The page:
Ross Clemmow of Debenhams talks to Penelope Ody about the department store’s mission to put social and mobile at the customer’s service.
Debenhams’ strategic review in April this year promised an emphasis on “social shopping”, “new store formats” and use of mobile to “unify channels”. Six months later, the strategic wishlist is becoming a reality that is set to transform the traditional department store approach to retailing. “When we looked at our customer data we found that a third of our customers are shopping with friends and family, and that’s when they spend more,” says retail director, Ross Clemmow. “They’re not just looking for product but for leisure and food – and we believe we can be a good host for these activities.”
Adding hairdressing salons or restaurants to department stores is nothing new, but Debenhams is looking to integrate these leisure aspects with digital technology to deliver not just convenience but, the “control and best use of their time” that the company’s research suggests shoppers really want. Instead of customers simply collecting a click-and-collect order of half-a-dozen dresses and several pairs of shoes to try on at home and then returning the unwanted items, explains Clemmow, “...mobile can speed up the process”. Not just by streamlining the actual collection, but more importantly by enabling a shopper who has half an hour to spare in a lunch hour to collect the items and “reserve a fitting room and personal stylist, and try on the chosen garments there and then”.
In the same way, mobile can be integrated with the planned shopping trip to improve the customer experience: alert the store that you will be arriving within the hour and have 30 minutes to spend there buying three pairs of jeans for a budget of £75, or that you need to buy a date-night dress that must be red or pink and costing no more that £80 – and staff will have a selection ready and waiting.
Such personalised service needs plenty of customer-facing staff and Debenhams is making key changes to reduce significantly the kinds of non-customer-facing tasks familiar to any retailer. Over the next 12 months it expects to free up the equivalent of 2,000 full-time staff by using such tactics as delivering display-ready merchandise direct to the shop floor. At the same time, it is changing staff incentive schemes and training to give increased focus to service and customer interaction. “We want our customers to have greater confidence in their buying decisions,” says Clemmow, “and our staff can help boost that confidence so that the customer leaves the store feeling they’ve had a great experience.”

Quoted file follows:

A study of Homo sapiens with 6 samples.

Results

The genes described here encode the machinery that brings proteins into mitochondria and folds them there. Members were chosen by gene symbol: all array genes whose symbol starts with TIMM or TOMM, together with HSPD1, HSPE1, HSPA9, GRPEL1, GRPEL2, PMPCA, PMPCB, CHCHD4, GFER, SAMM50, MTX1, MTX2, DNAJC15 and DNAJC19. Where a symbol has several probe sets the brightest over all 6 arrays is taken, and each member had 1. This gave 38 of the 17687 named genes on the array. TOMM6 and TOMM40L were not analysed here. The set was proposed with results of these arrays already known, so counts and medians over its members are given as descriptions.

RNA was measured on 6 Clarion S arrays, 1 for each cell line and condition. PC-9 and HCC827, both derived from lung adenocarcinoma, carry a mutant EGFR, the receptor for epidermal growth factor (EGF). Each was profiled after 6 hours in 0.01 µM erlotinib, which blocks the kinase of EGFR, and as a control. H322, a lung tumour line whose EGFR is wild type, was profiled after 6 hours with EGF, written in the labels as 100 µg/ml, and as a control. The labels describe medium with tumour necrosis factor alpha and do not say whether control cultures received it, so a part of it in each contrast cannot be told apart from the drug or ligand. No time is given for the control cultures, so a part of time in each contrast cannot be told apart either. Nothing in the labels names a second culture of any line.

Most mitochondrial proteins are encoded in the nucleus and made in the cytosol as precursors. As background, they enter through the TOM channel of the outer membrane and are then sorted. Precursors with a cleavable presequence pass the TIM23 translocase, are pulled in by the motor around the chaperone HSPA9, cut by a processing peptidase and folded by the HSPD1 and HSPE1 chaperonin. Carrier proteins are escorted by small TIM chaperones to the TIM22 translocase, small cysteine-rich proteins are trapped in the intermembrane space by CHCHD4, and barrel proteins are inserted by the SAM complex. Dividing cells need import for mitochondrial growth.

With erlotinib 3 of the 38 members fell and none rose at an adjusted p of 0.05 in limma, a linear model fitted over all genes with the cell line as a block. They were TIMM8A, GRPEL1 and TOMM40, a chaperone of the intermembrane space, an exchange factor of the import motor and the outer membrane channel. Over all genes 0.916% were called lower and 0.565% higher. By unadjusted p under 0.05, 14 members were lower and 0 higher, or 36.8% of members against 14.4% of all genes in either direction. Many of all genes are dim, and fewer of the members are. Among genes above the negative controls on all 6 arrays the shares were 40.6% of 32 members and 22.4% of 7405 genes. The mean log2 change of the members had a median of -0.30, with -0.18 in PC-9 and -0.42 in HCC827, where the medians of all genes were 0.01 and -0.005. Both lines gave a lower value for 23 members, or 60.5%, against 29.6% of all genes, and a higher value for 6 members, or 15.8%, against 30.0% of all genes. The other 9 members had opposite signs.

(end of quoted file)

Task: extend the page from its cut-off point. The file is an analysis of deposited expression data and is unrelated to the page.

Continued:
Restructuring front and back of store is a major operation, and Debenhams is currently piloting this “re-imagining” at three of its locations in Stevenage, Wolverhampton and Uxbridge, the first of which will be opening in the next few weeks. “Back of house is now ‘back stage’,” says Clemmow, “with reduced storage and greater flexibility, while front of house we have improved lighting, better zoning and – again – greater flexibility for layout. We expect that with these three stores we’ll get 85% of it right. By 2019 we’ll have a blueprint that is 100% there and we’ll start rolling that out to all stores.” Clemmow says he is not “a lover of technology for technology’s sake – technology has to support what our customers want to do”.
With this approach in mind and with mobile continuing to grow – orders through this channel were up by 64% in the year to April, while digital was almost 8% up in the 15 weeks to 17 June 2017 – Debenhams will start equipping staff with tablets after Christmas. Stores already have free wi-fi for customers so, with the tablets running the company’s new mobile site, currently under development, whatever the shopper sees on her phone, the sales assistant will see on the tablet, allowing the two to share the same experience and avoid any confusion over which garment the customer really wants to try.
In future, Debenhams’ buying and merchandising teams will focus on creating a comprehensive online catalogue of both own label and branded styles. Edits of this range will then be matched to the customer profile for each individual store. If a particular line is not stocked at a specific branch, then it can be ordered for home delivery or be available at the store the following day. Again, nothing new about such an approach, but Clemmow believes that the wealth of data Debenhams is using to analyse its customer base should make this segmentation and subsequent product allocation especially accurate. With the “social shopping” concept embracing products, food and leisure, restaurants, hairdressing and nail bars may be just the start. Debenhams’ research suggests that customers on a “social” trip are interested in beauty, food and drink, and health and wellness. Juice bars, pilates classes and a walk-in well-woman clinic next perhaps?